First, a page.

John Hinckley, man who shot Ronald Reagan, released in Virginia

Hinckley, 61, will live under restrictions with his mother, continuing therapy and volunteer work

The man who shot Ronald Reagan was released from a Washington psychiatric facility for good on Saturday, more than 35 years after the shooting.

A federal judge <a href=”” data-link-name=”in” body link” class=”u-underline”>ruled in late July that the 61-year-old John Hinckley Jr is not a danger to himself or the public and can live full-time at his mothers home in Williamsburg, Virginia.

A spokeswoman for the District of Columbia department of mental health said early on Saturday that all patients scheduled to leave St Elizabeths Hospital had been discharged. Hinckley was among those scheduled for discharge.

An Associated Press reporter saw a hired car pull into the driveway of the Hinckley home at around 2.30pm. Officers from the Kingsmill police department chased reporters away.

Hinckley had already been visiting Williamsburg for long stretches and preparing for the full-time transition. He will have to follow an extensive set of rules while in Williamsburg, but his longtime lawyer, Barry Levine, said Hinckley would be a citizen about whom we can all be proud.

Hinckley will have to work or volunteer at least three days a week. He has not yet done paid work in Williamsburg, but he has volunteered at a church and a psychiatric hospital, where he has worked in the library and in food service.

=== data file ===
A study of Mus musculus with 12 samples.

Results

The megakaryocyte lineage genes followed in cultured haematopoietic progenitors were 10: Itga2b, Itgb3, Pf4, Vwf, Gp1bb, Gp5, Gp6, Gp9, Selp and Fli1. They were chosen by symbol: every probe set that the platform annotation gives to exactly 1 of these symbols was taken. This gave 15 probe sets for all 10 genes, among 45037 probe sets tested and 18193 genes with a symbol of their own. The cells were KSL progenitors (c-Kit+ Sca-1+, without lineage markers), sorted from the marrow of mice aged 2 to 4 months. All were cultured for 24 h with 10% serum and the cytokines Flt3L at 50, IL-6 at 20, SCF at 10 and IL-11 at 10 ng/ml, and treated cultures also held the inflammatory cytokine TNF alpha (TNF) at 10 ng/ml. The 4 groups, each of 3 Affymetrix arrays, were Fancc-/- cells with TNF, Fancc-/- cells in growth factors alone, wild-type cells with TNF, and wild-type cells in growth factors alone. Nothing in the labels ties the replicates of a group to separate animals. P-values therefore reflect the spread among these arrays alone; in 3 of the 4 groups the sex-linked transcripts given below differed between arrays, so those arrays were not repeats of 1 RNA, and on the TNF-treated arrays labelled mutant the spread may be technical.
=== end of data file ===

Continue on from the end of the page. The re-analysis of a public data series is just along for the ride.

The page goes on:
Hinckley will start off living with his elderly mother in her home in the gated community of Kingsmill, on the 13th hole of a golf course. According to court documents, Hinckleys room has a king-size bed and TV and is decorated with paintings he has done of houses and cats. In the past, he has done chores such as cleaning, dishwashing, laundry and leaf-raking. After a year, he may live alone or with room-mates.

He will continue to go to therapy while in Williamsburg, seeing a psychiatrist twice a month for at least the first six months and attending weekly group therapy sessions. He will return to Washington once a month, to St Elizabeths outpatient department, to discuss his mental health and compliance with the conditions of his leave.

Hinckley will be able to travel he got a drivers license in 2011 and the court order in his case lets him drive within 30 miles of Williamsburg by himself. He can go up to 50 miles from the city if accompanied by his mother, sibling or a therapist or social worker. He can also drive to and from Washington once a month for his outpatient meetings.

Hinckley has long considered himself a musician and an artist. He paints and plays the guitar and has been involved in both as part of his therapy. He will continue to see a music therapist once a month while in Williamsburg. At court hearings in the case in late 2011 and early 2012, lawyers discussed the fact that Hinckley had recently developed an interest in photography.

There are limits to how Hinckley can spend his leisure time. He cannot drink or use illegal drugs, while he can surf the web but is not allowed to search for information about his crimes or victims, among other things. He cannot have accounts on Facebook, Twitter, Instagram, YouTube or LinkedIn without permission.

Once Hinckley lives in Virginia, he will be able to register to vote there. He has expressed an interest in voting in the past and tried unsuccessfully to get a ballot in the 1980s and 1990s. Levine told a newspaper in early August that he suspected his client would register to vote. Virginias deadline to register for the November presidential election is 17 October.

Finally, Hinckley is barred from talking to the press.